A pilot study by researchers at the Institute of Cancer Research and the Royal Marsden NHS Foundation Trust found that early carboplatin treatment reduced the risk of patients needing later combination chemotherapy.
An early chemotherapy dose also made it possible to provide effective radiotherapy with less radiation delivered to a smaller body area.
Combination chemotherapy can have serious long-term side-effects including heart disease and secondary cancers.
In the study, 51 men with stage IIA and IIB testicular seminoma (where the cancer has spread to abdominal lymph nodes) a single cycle of carboplatin, followed three to four weeks later by radiotherapy.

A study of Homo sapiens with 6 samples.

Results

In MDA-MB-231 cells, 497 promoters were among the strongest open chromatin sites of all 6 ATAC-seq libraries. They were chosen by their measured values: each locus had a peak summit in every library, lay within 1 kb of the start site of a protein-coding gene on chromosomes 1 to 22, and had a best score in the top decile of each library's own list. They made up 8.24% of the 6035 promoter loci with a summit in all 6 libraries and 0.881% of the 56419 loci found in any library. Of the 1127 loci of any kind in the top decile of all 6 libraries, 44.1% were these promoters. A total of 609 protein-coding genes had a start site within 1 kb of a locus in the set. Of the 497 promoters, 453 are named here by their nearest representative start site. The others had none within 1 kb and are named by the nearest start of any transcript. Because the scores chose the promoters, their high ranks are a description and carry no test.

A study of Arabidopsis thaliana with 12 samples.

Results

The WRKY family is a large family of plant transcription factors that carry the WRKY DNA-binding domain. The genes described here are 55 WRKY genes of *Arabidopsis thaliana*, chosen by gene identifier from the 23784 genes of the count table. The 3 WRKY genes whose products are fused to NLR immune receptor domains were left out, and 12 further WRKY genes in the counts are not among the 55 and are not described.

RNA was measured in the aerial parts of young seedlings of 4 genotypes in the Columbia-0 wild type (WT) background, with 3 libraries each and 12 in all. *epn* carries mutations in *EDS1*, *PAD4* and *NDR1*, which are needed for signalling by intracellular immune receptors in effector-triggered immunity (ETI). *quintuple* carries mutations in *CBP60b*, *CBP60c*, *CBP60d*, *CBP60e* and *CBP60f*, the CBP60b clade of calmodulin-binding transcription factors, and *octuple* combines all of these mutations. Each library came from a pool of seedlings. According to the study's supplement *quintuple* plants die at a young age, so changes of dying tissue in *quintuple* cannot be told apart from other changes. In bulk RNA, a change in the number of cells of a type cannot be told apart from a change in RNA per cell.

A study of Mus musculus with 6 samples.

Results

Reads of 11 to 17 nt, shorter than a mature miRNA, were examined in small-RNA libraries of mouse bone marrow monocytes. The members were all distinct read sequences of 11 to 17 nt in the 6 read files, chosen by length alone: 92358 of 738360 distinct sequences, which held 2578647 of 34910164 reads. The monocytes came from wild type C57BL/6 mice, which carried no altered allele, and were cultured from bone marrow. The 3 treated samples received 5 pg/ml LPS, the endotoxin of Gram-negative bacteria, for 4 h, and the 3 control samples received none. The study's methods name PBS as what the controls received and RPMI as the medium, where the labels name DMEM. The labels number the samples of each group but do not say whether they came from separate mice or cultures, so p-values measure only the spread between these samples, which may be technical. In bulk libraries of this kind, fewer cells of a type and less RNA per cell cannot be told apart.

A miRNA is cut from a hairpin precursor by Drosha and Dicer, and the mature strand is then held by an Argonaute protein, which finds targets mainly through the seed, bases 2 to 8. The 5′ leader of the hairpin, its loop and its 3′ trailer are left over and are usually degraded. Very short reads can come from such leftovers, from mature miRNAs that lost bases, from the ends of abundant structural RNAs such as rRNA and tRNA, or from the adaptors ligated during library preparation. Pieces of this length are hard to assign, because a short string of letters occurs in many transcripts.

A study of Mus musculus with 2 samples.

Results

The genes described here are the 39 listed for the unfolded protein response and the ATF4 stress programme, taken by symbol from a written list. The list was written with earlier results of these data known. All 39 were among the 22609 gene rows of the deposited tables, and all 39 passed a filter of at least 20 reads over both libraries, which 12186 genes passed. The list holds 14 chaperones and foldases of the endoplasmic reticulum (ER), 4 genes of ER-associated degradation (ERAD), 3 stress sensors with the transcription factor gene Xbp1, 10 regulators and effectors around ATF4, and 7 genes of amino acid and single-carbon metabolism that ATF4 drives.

The chemotherapy enabled doctors to give 39 of the patients a 15% lower dose of radiation, applied to a smaller area of the abdomen.
After an average of 4.5 years, there were no relapses of the cancer in these patients, compared with a relapse rate of 5–11% after radiotherapy alone.
Dr Robert Huddart, Team Leader in the Division of Radiation and Imaging at the Institute of Cancer Research, London, said: “The aim of the study was to develop an effective non-toxic treatment with low risk of long-term treatment complications.
“Our findings suggest that a single cycle of carboplatin before radiotherapy may reduce the chances of cancer reappearing compared with radiotherapy alone. This will reduce the risk that these patients would need combination chemotherapy.
“Not only that, but by adding carboplatin to the therapy, the radiation dose and volume can be lowered.”